China Observations – playgrounds

Someone asked me “What country has the most shopping?”. Which is a silly question to ask me….. But! I now have the answer:


And it’s a place to hang out! It was probably the ORIGINAL PLACE to hang out- before we had films like “Mall Rats” and stuff.

Anyway- why is it so popular in China? Because that’s where the children’s playgrounds are!


We visited a new shopping mall today. There are now three that are close to our Shanghai apartment and a fourth is being constructed. Each one has an abundance of clothing and shoe stores (that seem pretty much the same). What, then, would make you choose one over another?



Well, if you are a parent (or a grandparent) with a child between the ages of 2 and 6, the choice could be easy. You’d visit the mall that your child prefers!



Each mall has an entire floor dedicated to small children. An entire floor! But if you think about it – it makes perfect sense. The only thing more precious in China than potable water is … space! Parks are rare. Parking (when possible) happens underground. Land is used for high rise apartment complexes like the one we live in (which is in building 5 of 8). And unless you are very wealthy, each apartment is fairly small. Where can little ones go to run amok and stretch and have fun? The malls offer a solution to the problem.



And each mall has different toys for them to play with. We’ve seen sandboxes and buckets and shovels encouraging future architects to build castles. Some have two foot high tubs that are filled with poor unsuspecting goldfish (soon to be scooped up and transferred to smaller containers). We’ve even seen a woman teaching children how to put icing on a cake they had just made. (One toddler was much more interested in licking the spoon than dolling it out!)



And then there are the rides! There are the usual merry go rounds, see-saws, swings. But there are also climbing walls and obstacle courses — complete with harnessing. Everything you can imagine (and then some!). Sliding, crawling, climbing, swinging, flying.



These are (without a doubt) the happiest places in all of China. They are also some of the loudest! Squeals of delight are non-stop. Parents (or grandparents) sit next to their toddler or in an area nearby, designed for larger people. They watch, proudly, grinning from ear to ear.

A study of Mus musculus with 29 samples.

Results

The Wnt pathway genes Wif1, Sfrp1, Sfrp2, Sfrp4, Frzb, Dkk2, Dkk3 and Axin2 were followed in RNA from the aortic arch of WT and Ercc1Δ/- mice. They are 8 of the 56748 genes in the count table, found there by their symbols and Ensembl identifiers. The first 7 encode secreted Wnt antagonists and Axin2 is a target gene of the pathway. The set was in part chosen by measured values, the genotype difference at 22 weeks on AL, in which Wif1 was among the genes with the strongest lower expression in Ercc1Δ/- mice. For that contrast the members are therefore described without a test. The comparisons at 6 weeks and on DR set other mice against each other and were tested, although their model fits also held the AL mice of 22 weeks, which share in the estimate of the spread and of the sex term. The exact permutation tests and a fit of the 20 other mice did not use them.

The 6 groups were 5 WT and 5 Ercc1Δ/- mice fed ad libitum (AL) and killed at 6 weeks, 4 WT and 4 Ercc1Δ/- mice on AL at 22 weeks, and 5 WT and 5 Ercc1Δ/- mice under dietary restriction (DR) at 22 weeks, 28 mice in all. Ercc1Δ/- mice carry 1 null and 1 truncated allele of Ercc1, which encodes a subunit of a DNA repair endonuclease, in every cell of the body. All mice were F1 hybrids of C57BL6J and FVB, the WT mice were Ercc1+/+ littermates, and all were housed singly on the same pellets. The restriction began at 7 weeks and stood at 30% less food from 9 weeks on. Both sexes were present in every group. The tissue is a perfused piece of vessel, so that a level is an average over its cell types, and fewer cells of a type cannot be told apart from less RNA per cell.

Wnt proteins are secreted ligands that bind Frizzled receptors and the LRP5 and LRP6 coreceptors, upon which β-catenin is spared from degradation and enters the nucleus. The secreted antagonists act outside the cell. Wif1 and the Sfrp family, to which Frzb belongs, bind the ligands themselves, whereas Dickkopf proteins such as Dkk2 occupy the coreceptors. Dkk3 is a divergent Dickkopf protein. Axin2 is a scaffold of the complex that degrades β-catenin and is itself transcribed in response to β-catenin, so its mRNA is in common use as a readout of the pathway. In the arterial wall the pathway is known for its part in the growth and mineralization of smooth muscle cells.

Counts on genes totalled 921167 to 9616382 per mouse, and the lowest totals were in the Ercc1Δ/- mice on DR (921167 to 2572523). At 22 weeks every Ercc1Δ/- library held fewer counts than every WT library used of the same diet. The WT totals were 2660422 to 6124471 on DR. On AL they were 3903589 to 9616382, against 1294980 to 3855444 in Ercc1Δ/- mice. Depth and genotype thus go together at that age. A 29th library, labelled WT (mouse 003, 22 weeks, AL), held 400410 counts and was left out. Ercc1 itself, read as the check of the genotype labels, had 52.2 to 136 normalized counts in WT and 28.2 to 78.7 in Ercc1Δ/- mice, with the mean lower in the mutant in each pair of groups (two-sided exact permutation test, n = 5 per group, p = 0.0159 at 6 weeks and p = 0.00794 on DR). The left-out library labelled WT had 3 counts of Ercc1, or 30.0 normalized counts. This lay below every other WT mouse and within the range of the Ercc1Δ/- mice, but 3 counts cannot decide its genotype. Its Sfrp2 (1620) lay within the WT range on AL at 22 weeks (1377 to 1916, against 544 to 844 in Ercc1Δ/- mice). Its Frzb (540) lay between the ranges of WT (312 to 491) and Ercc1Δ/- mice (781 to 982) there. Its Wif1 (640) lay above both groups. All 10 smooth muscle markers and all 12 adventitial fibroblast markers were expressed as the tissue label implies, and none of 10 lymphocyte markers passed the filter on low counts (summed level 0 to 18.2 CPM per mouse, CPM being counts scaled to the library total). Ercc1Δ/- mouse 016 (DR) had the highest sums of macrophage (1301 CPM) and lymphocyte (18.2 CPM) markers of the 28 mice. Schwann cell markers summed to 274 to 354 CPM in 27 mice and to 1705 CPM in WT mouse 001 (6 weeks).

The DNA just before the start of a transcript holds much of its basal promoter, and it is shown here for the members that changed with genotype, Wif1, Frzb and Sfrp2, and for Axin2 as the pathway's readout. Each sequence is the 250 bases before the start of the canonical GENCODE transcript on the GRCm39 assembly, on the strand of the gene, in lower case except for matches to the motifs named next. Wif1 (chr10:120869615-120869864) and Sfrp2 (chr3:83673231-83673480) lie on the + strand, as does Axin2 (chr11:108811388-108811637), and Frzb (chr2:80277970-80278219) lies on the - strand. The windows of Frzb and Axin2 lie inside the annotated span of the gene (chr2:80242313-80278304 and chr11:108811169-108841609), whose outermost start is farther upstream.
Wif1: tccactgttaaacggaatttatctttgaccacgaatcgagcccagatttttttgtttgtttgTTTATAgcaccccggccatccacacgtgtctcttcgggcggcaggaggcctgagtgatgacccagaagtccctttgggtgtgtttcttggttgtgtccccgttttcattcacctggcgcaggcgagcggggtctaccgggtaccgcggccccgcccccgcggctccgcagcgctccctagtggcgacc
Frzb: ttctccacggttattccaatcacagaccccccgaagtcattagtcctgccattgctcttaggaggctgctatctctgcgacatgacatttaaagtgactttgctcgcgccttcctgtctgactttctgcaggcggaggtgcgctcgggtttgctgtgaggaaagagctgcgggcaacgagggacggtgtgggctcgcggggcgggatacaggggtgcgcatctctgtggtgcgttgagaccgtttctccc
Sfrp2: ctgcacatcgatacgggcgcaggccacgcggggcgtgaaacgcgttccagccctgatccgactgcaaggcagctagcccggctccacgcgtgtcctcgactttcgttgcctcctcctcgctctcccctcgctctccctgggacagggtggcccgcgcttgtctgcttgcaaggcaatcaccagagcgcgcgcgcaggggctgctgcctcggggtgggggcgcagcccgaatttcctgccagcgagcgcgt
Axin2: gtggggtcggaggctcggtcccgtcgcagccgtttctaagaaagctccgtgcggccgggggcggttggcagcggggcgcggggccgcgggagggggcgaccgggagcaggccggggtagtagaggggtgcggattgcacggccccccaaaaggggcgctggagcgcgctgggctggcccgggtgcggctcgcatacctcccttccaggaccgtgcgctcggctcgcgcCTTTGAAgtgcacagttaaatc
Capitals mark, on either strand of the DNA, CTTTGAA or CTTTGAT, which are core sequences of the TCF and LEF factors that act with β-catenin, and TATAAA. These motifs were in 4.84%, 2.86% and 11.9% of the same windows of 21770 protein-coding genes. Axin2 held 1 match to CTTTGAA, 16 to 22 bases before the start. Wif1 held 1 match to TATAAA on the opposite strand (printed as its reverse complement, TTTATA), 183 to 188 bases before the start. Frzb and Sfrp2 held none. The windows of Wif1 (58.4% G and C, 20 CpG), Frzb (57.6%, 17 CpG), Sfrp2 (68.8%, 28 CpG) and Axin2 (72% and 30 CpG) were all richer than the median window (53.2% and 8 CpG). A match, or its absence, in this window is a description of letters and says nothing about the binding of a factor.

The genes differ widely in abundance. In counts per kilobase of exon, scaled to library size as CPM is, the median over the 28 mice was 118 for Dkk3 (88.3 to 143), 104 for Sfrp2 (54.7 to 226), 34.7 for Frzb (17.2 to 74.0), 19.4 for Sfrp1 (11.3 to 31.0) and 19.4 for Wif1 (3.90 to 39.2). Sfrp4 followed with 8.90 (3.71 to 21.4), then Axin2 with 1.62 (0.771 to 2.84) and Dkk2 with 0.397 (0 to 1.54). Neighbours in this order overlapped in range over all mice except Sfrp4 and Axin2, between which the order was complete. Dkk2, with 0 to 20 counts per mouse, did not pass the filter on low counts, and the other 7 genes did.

And this new mall has out done itself! Today we witnessed TRANSFORMER characters that the kids could sit in and operate, dictating which direction (they both) would go in and at what speed. There were rides built for two that looked like a porch swing on wheels. There were rides that looked like an enormous tea cup on wheels and could spin. There were four huge trampolines (with harnessing) and three foot tall people were bouncing many feet in the air. There was a huge pool filled with a foot of water and two plastic bubbles (that you and your child could sit inside of) as you attempted to make it spin like a gerbil’s exercise wheel. There was a blow up ride that invited the children to climb the steep plastic incline and then slide down again. Finally, there was a small train – for those slightly less adventurous.



If you are between two and six years old – life doesn’t get any better than this! They are, absolutely, some of the most pampered and well cared for people on the planet.


In a few short years their lives will change — forever. They will start school and they will be expected to study, memorize, and cram morning, noon, and night. They will have eight classes a day and each teacher will assign them an hour’s worth of homework in each subject. You don’t have to be a math genius to know that that is an impossible request. Twice a day they will do “eye exercises” which are designed to help them relax their weary eyes. And every two months they will be tested in each subject, evaluating their progress. There are strict parental consequences for poor marks.



I wish they could stay small. I wish they could remain innocent, happy, and carefree. At least they are enjoying themselves … now.